Busting The Myth of Emergency Rooms and Uninsured Care
November 28, 2011 § Leave a comment
There’s a myth that goes like this: uninsured people use ER’s like doctors offices, default on payments, and drive up premiums for everyone else. It’s a phenomenon called cost-shifting but its effect is really blame-shifting. It’s true that ER costs are exorbitant enough to cause payment defaults or financial crises for unisureds and poor people but, in fact, most stay as far away from ER’s and doctors offices as they possibly can. Studies show that they use the emergency room only when there’s a health emergency.
Overuse of ER services tends to happen when insured people are uncertain if their symptoms are urgent or else are incentivized to seek care in the one stop shopping environment of an emergency room. The copay is manageable and every conceivable test is available but the resulting cost to their insurer is huge and it boomerangs back in the form of increased premiums for everyone. The top trend in ’09 was to push rising health care costs back on employee healthcare plans. Since the opening of this century employee contributions to health plans have increased 131% making participation in health plans impossible for the working poor.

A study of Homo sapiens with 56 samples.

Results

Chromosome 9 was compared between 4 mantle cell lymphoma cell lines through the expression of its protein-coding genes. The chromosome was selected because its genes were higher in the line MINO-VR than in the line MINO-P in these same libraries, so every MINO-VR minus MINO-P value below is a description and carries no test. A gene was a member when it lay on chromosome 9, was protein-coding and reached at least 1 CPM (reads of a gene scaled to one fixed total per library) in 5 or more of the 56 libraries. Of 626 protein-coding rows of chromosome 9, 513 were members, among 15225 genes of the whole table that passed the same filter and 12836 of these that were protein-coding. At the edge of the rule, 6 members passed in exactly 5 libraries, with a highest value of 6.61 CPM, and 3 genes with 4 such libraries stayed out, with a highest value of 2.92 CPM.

Want more proof of this contention? To capitalize on the trend of insured people using emergency rooms instead of doctors offices, hospitals are building and marketing expensive new free standing ER’s in affluent neighborhoods. Private rooms, valet service, bring your insurance and come on in! Why do they do that? Because Federal law allows ER’s to charge more for their services. Yes, alot more and ER’s also get higher remibursements from insurance companies because, as part of larger hospitals which are merging and becoming hospital monopolies,they can strong arm insurance companies under the rally cry of patient protections. They also strong arm their own doctors into meeting the monopoly’s bottom line. The “First do no harm” ethic mixes with the business mandate of “First make it profit” and we get higher premiums for all, questionable health benefits, and unreachable treatment costs for patients with poor and low incomes.